Smart manufacturing investments have ramped up over the last decade as end users have identified the need for rapid deployment of modernization initiatives in hopes for increased plant optimization. This modernization trend covers a variety of solutions, and most equate the term “smart manufacturing” with new hardware, such as PLCs. However, besides equipment updates, the biggest trend is data-acquisition platforms.

Platforms such as MES and SCADA provide critical visibility into production-line efficiencies in real-time with KPIs on screens and computers. Due to advanced real-time monitoring platforms, end users are now acting upon the once hidden “micro-stop” KPI — stoppages that last less than 10 minutes — during production runs.

A monitoring challenge for many food companies is how to connect to legacy plant floor equipment with its nonstandard interfaces to ERP, MES and SCADA platforms.

“[Enterprise architecture] becomes a process of stitching all this stuff together,” said Jim Wetzel, director of global reliability at General Mills during his presentation, “The Power of a Digital Platform,” at the 2017 ARC Advisory conference. “How many platforms are we going to need to run an ecosystem? Are they going to connect?”

Wetzel led General Mills’ deployment of its MES platform in 1993 and is currently the chairman of the Smart Manufacturing Leadership Council (SMLC), an organization developing an open, real-time manufacturing platform model.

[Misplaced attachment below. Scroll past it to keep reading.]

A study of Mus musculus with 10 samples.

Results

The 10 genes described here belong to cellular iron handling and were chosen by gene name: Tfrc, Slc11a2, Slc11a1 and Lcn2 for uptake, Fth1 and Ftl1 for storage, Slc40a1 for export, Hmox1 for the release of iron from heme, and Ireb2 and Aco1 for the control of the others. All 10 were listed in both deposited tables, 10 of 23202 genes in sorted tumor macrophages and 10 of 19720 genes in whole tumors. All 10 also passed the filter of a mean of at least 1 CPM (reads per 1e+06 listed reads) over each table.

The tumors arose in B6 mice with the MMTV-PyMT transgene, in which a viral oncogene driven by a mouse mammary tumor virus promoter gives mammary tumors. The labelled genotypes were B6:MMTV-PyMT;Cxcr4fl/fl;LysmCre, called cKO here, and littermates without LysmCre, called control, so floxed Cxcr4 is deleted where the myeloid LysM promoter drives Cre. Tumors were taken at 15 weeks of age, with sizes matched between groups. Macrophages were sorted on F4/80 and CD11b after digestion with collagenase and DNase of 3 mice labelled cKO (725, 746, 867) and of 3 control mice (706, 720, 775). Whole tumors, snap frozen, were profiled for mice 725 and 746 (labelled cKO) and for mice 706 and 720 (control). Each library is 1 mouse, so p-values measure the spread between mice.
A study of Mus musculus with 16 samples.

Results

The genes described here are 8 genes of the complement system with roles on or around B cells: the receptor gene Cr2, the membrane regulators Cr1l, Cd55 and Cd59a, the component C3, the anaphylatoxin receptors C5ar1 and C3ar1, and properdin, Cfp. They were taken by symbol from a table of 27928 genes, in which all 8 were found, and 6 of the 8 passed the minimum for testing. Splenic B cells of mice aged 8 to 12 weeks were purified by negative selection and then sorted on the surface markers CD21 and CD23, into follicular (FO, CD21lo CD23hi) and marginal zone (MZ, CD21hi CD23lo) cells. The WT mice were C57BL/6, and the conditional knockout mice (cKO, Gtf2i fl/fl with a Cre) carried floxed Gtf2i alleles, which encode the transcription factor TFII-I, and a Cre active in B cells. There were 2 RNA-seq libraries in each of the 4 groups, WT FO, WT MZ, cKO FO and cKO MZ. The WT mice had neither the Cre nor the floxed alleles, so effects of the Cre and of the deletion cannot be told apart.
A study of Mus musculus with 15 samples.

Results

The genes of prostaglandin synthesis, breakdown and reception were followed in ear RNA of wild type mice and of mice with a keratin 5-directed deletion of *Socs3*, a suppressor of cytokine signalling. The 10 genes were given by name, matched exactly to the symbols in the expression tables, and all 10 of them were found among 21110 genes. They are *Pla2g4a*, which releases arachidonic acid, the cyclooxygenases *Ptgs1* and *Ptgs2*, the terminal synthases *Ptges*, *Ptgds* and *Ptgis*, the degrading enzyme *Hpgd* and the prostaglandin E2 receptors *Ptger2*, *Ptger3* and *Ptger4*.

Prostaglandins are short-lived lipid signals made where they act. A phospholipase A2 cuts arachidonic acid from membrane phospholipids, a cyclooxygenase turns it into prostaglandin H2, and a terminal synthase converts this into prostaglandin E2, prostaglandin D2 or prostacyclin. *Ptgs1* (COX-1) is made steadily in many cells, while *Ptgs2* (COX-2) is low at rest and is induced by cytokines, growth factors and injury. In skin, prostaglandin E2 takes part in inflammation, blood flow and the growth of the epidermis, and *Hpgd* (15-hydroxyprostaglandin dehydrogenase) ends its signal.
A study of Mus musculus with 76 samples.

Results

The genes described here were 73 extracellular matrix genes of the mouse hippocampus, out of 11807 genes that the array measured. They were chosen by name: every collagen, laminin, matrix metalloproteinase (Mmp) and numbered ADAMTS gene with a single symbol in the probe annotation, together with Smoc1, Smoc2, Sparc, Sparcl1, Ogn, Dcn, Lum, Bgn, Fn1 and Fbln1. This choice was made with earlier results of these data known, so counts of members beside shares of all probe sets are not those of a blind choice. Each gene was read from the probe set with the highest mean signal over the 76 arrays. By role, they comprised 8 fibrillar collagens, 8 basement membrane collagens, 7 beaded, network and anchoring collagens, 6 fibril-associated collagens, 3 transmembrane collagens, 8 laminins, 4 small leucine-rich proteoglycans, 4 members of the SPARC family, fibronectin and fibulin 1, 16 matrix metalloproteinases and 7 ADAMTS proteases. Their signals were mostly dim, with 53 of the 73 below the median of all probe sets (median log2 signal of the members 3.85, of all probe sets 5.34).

Wetzel stresses the promise of creating applications that go to where the data is most valuable: “The SMLC believes we can contextualize, coordinate and connect other platforms as well as meet you (processor) where you’re at and start this journey on platforms.”

Finding value where data resides is an often heard hymn in the food industry, and Sugar Creek Packing Co., a private-label food producer, is no different. Sugar Creek has six packaging operations in the United States and uses Inductive Automation’s Ignition SCADA platform in five of these plants.

The processor’s server-based SCADA platform is a customizable application that allows end users to build specific functionality via many application modules to meet needs such as alarm management, OEE or MES. The platform also allows third-party developers to build on top of the system.

Sugar Creek installed the SCADA platform on a simple packaging line operation in Cincinnati, Ohio, where it wanted to focus on downtime reduction and weight control for a packaging line that was underperforming. For the downtime component, Sugar Creek wanted to filter “noise” from alarm events, be more specific in its causes and communicate to maintenance technicians in a more efficient process.

“At first, the alarms were configured on what could stop the packaging line and fed into the SCADA platform,” says Dan Stauft, director of operational technology at Sugar Creek during a presentation on implementing SCADA at the ARC Advisory conference. “An E-stop can create 30 alarms and a whole bunch of noise in the downtime table, so we decreased the downtime reasoning code list.” 

The downtime interactive Pareto analysis with the SCADA platform allows operators to cite these stops and, in effect, talk to maintenance technicians while not being on the floor.

“Maintenance technicians can drill down on the downtime code and see how many times it’s happened,” says Craig Langhals, plant manager for Sugar Creek. “Is this a reoccurring issue that drives an operator crazy? Or is it a one-time event that lasted 60 minutes?”

Sugar Creek will add the SCADA platform to its sixth plant due to the overall success in bringing applications to where the operator and data resides.